Take Care: All About Your Health
By latest count, there are 33.4 million people living with HIV infection worldwide, about 1.1 million of them in the U.S.
And if that’s not grim enough, about one-fifth of the people in the U.S. who are currently infected don’t know it, according to federal government statistics.
Where are young people getting a lot of recreational drugs these days? From friends, relatives and their own medicine cabinets, according to a new study.
Researchers have found that, among adolescents and young adults, the non-medical use of prescription drugs is now surpassing the use of all illicit drugs except for marijuana.
There is new government research on the prevalence of cancer screening and late-stage cancer diagnosis that may surprise you:
Nearly half of colorectal and cervical cancer cases and one-third of breast cancer cases in the U.S. aren’t diagnosed until they’re in late, difficult-to-treat stages.
How much do you know about your family's health history?
For those who are gathering with family for the holiday weekend, it's a great time to find out.
In fact, Thanksgiving has been declared National Family History Day by the U.S. surgeon general since 2004.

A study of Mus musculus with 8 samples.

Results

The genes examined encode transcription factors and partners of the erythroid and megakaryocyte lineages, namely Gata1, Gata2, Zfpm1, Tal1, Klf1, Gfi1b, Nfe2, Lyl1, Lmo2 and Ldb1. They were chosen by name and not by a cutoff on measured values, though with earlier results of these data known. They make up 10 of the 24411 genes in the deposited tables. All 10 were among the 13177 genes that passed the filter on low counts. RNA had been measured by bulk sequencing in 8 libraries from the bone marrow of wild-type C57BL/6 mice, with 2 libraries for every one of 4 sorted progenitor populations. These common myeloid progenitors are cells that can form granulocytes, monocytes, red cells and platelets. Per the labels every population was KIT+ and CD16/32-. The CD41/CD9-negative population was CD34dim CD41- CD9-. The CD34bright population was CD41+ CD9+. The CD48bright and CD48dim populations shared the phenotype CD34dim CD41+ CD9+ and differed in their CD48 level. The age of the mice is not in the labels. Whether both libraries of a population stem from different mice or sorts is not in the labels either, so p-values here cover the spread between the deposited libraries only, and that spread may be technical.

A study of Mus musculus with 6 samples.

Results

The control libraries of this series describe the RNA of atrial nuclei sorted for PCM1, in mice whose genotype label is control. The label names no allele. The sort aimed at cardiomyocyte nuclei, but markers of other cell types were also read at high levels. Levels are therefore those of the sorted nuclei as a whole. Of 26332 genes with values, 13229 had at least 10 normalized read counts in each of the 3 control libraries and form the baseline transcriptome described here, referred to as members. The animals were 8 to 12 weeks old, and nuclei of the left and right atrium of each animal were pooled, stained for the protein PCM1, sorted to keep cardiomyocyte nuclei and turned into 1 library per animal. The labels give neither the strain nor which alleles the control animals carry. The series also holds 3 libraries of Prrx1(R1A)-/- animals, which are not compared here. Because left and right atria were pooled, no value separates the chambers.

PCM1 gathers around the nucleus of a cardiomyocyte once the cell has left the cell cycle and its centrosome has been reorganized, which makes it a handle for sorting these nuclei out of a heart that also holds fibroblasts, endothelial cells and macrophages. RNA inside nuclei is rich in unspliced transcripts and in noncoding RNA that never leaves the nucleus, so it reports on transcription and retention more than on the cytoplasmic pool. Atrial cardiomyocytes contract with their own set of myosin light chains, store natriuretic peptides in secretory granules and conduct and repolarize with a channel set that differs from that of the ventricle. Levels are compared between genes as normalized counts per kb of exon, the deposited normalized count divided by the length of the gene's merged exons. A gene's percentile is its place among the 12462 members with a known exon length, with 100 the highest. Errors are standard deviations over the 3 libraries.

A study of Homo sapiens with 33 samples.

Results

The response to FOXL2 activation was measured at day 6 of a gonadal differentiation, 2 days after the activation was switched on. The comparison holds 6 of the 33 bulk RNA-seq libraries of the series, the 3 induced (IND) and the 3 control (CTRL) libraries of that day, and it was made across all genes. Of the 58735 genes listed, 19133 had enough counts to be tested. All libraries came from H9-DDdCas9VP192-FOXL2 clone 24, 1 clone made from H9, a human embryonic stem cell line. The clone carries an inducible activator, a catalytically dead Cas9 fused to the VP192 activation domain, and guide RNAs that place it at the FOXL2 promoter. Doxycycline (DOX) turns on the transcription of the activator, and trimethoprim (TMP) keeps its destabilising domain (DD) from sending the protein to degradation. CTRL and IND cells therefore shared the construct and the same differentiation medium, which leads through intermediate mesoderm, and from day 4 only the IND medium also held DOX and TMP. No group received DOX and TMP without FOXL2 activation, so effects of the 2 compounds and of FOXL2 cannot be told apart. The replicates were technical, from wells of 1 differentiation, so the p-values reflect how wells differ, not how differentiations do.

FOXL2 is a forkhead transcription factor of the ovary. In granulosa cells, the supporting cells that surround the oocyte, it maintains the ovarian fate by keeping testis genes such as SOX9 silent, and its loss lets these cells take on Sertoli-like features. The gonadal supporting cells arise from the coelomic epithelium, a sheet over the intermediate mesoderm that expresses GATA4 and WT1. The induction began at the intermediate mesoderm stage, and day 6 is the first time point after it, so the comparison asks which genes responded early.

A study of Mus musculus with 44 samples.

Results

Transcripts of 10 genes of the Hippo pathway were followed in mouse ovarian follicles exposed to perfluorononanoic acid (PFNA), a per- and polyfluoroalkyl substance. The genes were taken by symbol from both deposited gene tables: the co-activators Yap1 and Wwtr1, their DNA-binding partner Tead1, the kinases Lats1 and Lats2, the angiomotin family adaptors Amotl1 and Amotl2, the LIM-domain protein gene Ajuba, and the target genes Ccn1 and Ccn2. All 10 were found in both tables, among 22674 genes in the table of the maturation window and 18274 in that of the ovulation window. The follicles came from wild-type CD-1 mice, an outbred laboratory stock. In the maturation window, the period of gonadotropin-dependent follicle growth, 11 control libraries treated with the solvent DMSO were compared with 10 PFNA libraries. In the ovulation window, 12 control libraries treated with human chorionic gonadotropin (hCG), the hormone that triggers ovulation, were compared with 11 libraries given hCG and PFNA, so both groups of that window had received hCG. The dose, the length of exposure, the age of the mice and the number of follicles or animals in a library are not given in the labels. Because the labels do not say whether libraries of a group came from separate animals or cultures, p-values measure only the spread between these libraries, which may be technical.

The dire warnings about the link between obesity and diabetes just keep getting worse, and a new one has arrived just two days ahead of America's annual Thanksgiving feast.
The pain medication propoxyphene (brand names Darvon and Darvocet) is being pulled from the U.S. market because data shows it poses a potentially fatal risk to the heart, according to the Food and Drug Administration Friday.
What if you were just diagnosed with type 1 diabetes — but there was a drug treatment available to preserve your body’s ability to produce insulin?
Some alarming news today about what happens to one out of seven Medicare beneficiaries when they’re in the hospital:
In just a single month — October 2008 — 13.5 percent Medicare beneficiaries (one out of seven) were harmed by care they received in the hospital, according to a new report released Tuesday by the Office of Inspector General.
When you feel sick from a cold, flu or sore throat, do you go to the doctor and ask for an antibiotic?
Please don’t, health experts say. Using an antibiotic to treat a viral infection won’t work, and can lead to antibiotic resistance down the road.